If you're here, there's a good chance you've heard of Bitcoin. What exactly is Bitcoin, what does it do, and what's with all of these other cryptocurrencies? These are common questions for people who are new to this space.
Bitcoin was created in 2008-2009 by a mysterious entity known as Satoshi Nakamoto. Nobody knows who this is - maybe one person, maybe a group of people.
Bitcoin was the first digital, decentralized, global, peer-to-peer digital currency. It was designed with a very specific purpose: to enable people to transact directly with one another, securely, without needing to rely on a centralized third-party institution like a bank. Bitcoin is a form a money, just like dollars or euros. And, just like national fiat currencies, Bitcoin has value because enough people assign value to it. (After all, fiat currency is just paper without the social consensus that it is worth something).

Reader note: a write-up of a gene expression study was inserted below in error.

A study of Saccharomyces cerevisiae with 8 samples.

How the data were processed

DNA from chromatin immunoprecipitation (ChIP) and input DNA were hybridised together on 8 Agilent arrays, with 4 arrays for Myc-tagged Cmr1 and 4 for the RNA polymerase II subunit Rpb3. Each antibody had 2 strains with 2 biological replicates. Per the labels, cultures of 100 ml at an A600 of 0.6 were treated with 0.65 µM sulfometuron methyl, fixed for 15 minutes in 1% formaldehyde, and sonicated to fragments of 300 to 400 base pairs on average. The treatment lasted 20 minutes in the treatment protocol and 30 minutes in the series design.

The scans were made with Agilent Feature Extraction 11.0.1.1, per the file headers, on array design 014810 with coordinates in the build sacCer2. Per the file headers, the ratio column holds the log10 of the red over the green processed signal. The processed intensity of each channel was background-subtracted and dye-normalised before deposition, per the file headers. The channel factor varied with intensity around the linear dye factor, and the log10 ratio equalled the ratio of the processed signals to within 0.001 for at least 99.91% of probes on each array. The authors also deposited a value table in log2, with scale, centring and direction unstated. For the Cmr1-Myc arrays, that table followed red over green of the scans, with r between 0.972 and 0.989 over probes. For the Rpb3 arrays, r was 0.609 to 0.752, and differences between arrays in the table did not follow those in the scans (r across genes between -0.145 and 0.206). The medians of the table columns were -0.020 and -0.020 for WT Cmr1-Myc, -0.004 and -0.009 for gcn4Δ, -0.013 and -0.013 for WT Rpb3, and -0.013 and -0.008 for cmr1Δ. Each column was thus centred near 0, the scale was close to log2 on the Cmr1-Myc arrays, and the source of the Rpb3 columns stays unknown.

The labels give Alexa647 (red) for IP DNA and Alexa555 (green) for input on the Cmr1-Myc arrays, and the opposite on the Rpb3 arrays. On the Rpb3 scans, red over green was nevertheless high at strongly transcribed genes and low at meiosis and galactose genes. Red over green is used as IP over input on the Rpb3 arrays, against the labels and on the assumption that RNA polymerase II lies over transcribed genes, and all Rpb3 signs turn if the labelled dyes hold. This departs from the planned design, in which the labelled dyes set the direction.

Since 2008, many other digital currencies have been developed around the underlying technological innovations of Bitcoin. Today, there are hundreds of cryptocurrencies, cryptographic tokens, and digital assets with different values, use cases, and features. Some of them do a lot more than operate as an alternative to cash. Some of them are tied to specific underlying assets, micro-markets or operate like owning shares in a company.
Today the digital asset economy is home to some of the most cutting edge technology and innovative projects in the world. As major industries and institutions ranging from finance to governmental structures begin to explore the possibilities for blockchain technology, new opportunities continue to emerge in this space.